IN WHAT turned out to be a legislative field day for Virginia Rep. Frank Wolf, local commuters won important congressional approvals Tuesday for safer, swifter travel on the roads and rails of the region. The House transportation subcommittee has blessed a fine package of proposals backed by Mr. Wolf, which includes money for more Metro construction, for additional car pool lanes on I-66, for a number of projects to improve truck safety on the Capital Beltway and other area highways and for improvements to the Baltimore-Washington Parkway. These projects are important not only to relieve pressures on rush-hour travelers locally but also as examples of public safety measures that could benefit other areas across the country.

Mr. Wolf teamed up with Maryland Rep. Steny Hoyer to win support for the Metro and highway provisions, which now go to the full Appropriations Committee. Money for the I-66 lanes would be designated a "demonstration project," which would permit spending without a separate congressional authorization. That's speed of the sort not found on the rush-hour lanes now in place and would make a large, welcome difference, especially to residents of western Fairfax County and Loudoun County.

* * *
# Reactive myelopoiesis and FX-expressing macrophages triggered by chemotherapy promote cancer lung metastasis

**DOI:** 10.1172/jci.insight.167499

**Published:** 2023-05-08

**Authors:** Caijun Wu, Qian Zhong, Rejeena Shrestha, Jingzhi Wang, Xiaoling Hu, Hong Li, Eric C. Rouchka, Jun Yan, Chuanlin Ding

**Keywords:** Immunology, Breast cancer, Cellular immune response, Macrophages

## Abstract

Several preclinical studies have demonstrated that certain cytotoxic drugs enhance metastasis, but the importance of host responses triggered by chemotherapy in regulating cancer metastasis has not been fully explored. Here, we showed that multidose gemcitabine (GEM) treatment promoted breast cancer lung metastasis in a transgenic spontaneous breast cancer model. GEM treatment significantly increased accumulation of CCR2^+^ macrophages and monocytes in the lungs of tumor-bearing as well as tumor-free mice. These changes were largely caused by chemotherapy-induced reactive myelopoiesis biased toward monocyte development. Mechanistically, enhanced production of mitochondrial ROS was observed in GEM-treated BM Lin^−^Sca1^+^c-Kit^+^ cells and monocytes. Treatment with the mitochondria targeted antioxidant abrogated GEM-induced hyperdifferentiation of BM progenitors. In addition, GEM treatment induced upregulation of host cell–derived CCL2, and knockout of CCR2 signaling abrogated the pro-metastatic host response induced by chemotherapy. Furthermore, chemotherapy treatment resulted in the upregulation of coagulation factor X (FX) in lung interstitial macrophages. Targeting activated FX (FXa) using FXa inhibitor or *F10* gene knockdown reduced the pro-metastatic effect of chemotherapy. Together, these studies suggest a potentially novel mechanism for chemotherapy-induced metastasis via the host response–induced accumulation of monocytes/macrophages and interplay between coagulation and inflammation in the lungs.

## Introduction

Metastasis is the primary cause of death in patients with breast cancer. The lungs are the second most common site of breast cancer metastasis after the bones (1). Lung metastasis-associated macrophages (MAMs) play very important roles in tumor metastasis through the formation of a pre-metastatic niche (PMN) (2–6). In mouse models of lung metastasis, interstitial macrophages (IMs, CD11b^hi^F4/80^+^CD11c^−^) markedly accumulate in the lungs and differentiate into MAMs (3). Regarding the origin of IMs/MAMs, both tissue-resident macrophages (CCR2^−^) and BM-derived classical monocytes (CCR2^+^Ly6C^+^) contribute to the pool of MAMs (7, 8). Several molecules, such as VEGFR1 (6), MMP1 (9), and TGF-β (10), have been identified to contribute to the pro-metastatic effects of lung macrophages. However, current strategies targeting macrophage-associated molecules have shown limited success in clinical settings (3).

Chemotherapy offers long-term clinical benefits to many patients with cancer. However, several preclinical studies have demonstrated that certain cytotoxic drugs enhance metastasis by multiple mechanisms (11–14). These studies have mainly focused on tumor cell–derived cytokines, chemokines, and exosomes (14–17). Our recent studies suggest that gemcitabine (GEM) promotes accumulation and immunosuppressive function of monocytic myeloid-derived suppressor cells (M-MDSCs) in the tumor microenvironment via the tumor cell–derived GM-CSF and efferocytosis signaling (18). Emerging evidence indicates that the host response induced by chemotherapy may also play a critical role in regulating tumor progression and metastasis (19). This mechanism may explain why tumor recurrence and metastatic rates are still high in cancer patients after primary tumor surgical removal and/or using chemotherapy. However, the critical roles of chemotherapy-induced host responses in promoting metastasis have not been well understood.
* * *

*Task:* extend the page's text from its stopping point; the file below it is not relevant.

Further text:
The moves for a safer Capital Beltway are part of a continuing Wolf-Hoyer effort that began in the wake of a series of terrible accidents two years ago. Mr. Wolf convened a meeting with the Federal Highway Administration to examine and effect changes in truck traffic. Better signs, lane restrictions and unmanned radar were among the first results. Provisions in the latest bill would explore combining traffic violation stops of trucks with safety inspections. Experiments also would begin on truck-activated traffic signs that could warn drivers of the potential for rollover on certain ramps and aid would be available to start new commercial motor vehicle safety programs administered by the various local governments.

None of this will relieve the volume of traffic on the roads or guarantee on-time arrivals for commuters. Additional lanes, safety measures and new and better Metro service can't make commuters disappear. New roads -- including outer bypass routes around Washington -- must be built. But the new measures surely will help.